Almost two weeks ago, Justice Ruth Bader Ginsburg passed away in her home due to complications with pancreatic cancer. Not moments after her passing was announced did the partisan bickering begin. 

With just over a month before the election, many began questioning whether or not the president has the right to nominate a replacement justice. 

Before getting into any of the reasons why President Trump should fill the seat, here’s Section II Article II of the Constitution

“He shall have Power, by and with the Advice and Consent of the Senate, to make Treaties, provided two thirds of the Senators present concur; and he shall nominate, and by and with the Advice and Consent of the Senate, shall appoint Ambassadors, other public Ministers and Consuls, Judges of the supreme Court, and all other Officers of the United States…” 

A further important note to add is that the president serves in office for four years, from Jan. 20 of one year, to Jan. 19 four years later, unless reelected. 

This is the bottom line: there is a vacancy on the Supreme Court before the president’s term is over. He has the opportunity — nay, the obligation — to appoint someone to the seat, with the advice and consent of the Senate. 

Why wouldn’t he?

The first argument coming from the president’s opponents is that RBG’s last wishes were that she “not be replaced until a new president is installed.” Of course, the obvious and easy response here is that the Constitutional obligations are, unfortunately, not tied to the dying wish of a Justice. 

The seat was not hers to fill, it was a seat that she had the honor to fill temporarily.  

The second, and probably stronger, argument of those opposed to filling the seat is there is precedent for waiting for the American people to elect a new president, and new congress, before filling the seat. 

Senate minority leader Chuck Schumer tweeted less than an hour after the Justice’s death, “The American people should have a voice in the selection of their next Supreme Court Justice. Therefore, this vacancy should not be filled until we have a new president.”

This, of course, was not his own idea, but a direct copy of what current Senate Majority leader Mitch McConnell said regarding former President Obama’s appointment of Merrick Garland to fill the election-year vacancy of Justice Antonin Scalia. 

This, for both leaders, was purely political and has nothing to do with Congressional mandates, but Congressional “norms,” or polite conduct. 

Twenty-nine times in American history there has been a Supreme Court vacancy in a presidential election year, or in a lame-duck session, and in every one of those instances the president has made a nomination. This includes presidents from Washington to Obama. 

Of these twenty-nine, nineteen of these times have been in a year when the Presidency and Senate were controlled by the same party. Of those nineteen, seventeen were confirmed before the reelection, and nine before the election even happened. 

This is what makes Merrick Garland’s appointment process irrelevant to today. The Senate holds the power to both advise and confirm any appointment. The Republican-led Senate of 2016 allowed the sitting president to nominate an appointee. They just were not going to vote because they were not going to confirm.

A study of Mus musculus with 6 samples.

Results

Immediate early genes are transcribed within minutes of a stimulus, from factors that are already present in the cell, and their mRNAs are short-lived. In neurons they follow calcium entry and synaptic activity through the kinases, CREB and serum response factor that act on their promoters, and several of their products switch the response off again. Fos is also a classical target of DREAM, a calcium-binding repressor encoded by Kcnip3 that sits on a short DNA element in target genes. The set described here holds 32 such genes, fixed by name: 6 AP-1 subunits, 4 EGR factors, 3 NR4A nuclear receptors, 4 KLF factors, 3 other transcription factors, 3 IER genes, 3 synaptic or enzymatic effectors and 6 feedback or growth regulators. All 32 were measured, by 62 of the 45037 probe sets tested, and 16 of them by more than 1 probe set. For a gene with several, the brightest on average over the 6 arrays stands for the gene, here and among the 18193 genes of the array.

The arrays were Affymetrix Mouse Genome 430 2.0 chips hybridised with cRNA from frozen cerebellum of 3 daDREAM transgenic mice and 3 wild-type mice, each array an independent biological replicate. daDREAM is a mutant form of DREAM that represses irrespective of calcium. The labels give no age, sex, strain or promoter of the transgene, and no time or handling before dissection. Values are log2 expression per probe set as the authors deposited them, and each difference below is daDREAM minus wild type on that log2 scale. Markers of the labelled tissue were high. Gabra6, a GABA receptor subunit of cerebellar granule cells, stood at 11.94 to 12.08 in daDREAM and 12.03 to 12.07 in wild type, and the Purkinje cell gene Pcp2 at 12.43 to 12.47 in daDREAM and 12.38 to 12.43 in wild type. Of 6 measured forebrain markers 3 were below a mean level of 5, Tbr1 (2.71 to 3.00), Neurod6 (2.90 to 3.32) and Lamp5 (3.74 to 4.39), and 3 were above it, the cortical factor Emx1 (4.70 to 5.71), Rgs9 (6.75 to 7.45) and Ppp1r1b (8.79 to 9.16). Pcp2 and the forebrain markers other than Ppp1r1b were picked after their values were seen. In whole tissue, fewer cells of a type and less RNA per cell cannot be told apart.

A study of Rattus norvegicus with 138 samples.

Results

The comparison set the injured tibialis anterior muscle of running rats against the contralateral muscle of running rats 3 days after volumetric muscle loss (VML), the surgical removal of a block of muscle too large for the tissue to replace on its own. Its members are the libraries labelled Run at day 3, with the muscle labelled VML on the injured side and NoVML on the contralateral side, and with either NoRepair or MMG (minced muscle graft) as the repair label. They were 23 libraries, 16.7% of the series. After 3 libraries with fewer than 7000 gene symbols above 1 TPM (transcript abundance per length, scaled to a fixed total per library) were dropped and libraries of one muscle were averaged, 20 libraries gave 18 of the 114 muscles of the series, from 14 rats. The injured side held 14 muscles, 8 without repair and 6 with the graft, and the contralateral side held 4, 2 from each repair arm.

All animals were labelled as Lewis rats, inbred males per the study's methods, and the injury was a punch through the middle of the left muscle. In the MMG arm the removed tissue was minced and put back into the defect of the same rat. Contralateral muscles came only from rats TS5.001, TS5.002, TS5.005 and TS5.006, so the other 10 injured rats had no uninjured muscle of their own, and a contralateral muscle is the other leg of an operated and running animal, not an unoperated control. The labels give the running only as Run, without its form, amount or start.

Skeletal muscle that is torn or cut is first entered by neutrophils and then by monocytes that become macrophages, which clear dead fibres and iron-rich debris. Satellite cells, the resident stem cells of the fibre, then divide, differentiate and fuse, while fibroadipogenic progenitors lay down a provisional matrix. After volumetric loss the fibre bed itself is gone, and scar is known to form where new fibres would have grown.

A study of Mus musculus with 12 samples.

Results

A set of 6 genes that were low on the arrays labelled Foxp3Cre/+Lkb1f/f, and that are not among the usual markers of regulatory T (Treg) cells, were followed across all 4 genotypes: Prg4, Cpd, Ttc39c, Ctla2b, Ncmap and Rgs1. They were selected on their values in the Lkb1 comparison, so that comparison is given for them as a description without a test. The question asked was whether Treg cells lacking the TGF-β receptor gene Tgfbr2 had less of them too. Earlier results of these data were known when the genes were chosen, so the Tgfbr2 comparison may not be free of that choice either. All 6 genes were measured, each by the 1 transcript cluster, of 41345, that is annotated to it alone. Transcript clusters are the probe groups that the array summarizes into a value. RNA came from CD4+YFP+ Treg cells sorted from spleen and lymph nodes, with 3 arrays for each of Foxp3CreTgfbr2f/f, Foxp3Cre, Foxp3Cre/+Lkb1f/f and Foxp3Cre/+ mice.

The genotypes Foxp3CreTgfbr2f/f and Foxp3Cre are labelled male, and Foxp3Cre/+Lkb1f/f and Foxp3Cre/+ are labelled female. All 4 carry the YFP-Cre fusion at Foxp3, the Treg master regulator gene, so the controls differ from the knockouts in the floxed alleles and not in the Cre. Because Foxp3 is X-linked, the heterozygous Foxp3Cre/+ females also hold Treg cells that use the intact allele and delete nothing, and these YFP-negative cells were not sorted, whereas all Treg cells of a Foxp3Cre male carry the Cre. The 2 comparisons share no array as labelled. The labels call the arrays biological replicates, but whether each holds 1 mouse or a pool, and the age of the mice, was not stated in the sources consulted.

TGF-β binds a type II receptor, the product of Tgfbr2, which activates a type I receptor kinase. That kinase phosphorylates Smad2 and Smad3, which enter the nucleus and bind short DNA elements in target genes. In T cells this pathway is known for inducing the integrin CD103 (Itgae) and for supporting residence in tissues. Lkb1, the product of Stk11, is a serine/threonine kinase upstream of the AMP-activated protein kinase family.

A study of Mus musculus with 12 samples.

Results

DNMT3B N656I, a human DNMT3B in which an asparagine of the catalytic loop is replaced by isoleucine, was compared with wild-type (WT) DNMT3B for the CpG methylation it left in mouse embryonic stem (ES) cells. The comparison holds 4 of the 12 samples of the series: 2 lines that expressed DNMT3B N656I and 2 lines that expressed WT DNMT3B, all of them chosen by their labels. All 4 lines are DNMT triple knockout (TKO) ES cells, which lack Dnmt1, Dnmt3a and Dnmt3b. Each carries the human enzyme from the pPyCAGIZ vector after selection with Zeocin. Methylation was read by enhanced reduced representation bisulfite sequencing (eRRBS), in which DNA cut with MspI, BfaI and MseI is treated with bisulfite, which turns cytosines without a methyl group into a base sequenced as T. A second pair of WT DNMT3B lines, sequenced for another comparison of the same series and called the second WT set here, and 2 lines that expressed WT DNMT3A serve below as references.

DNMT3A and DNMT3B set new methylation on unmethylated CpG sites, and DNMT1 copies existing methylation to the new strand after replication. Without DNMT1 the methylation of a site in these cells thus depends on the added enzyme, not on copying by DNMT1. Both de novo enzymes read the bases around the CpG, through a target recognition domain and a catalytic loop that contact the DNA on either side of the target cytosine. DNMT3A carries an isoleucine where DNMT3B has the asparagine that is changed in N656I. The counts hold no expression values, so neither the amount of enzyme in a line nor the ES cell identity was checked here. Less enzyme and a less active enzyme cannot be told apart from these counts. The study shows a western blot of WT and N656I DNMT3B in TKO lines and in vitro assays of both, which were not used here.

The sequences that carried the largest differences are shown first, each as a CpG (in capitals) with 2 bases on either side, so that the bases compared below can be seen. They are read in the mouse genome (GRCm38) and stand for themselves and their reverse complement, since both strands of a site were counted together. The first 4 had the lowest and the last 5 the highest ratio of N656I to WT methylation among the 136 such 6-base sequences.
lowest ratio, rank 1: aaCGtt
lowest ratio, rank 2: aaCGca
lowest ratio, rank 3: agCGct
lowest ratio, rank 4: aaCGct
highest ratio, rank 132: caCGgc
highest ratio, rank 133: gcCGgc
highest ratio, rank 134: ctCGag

This was a massively partisan move, but that being said, is anyone shocked that a Republican Senate wanted to wait for the chance to confirm a conservative justice rather than appointing one from the opposing party?

The third argument is a subset to the second in that the Senate does not successfully represent the populous; 47 Democratic senators represent almost 169 million people, while 53 Republican senators represent about 158 million. 

This point is simply inconsistent with the will of the founders. They knew they wanted this power to be vested in the branch with equal representation, not proportional. They deliberately vested this power to the less responsive arm of the legislature.

So what would happen if the president did nominate someone?

Well, in response to the possible filling of the seat, Democrats have launched an attack on the institutions themselves. They have expressed a desire to eliminate the filibuster entirely to expand the court, something former Vice President Joe Biden has remained hesitant to support. 

Representative Alexandria Ocasio-Cortez said on the matter, “If Republicans want to move forward…. Then we should leave all options on the table.”

While attacking the Republicans for “breaking norms,” Democrats are threatening to expand the Supreme Court and end the filibuster, which they used this month, against a COVID-19 bill. 

Let us remember that because our party is not in control does not mean we should destroy the system. Power changes; that is part of democracy. 

In 2013, then Senate Majority leader Harry Reid pushed through Congress a change to Senate rules; he ensured that to end a filibuster they needed 51, not 60, votes. This, of course, made it easier for President Obama to appoint judges, and the same remained true for President Trump. 

We do not respond to losing a battle by changing the nature of the game. If the roles were reversed, any Democrat president would have the right to nominate someone to the high court and have their Democrat Senate confirm the nomination — and let me be clear, they would absolutely push through a nominee, and rightly so. 

This is not “ramming.” This is not “breaking norms.” This is a conservative president and senate wanting a conservative judge. We should not be shocked, appalled or confused. 

The Constitution makes this clear. The president does not need to stop fulfilling his Congressional obligations just because some disagree with their politics. Fill the seat, Mr. President.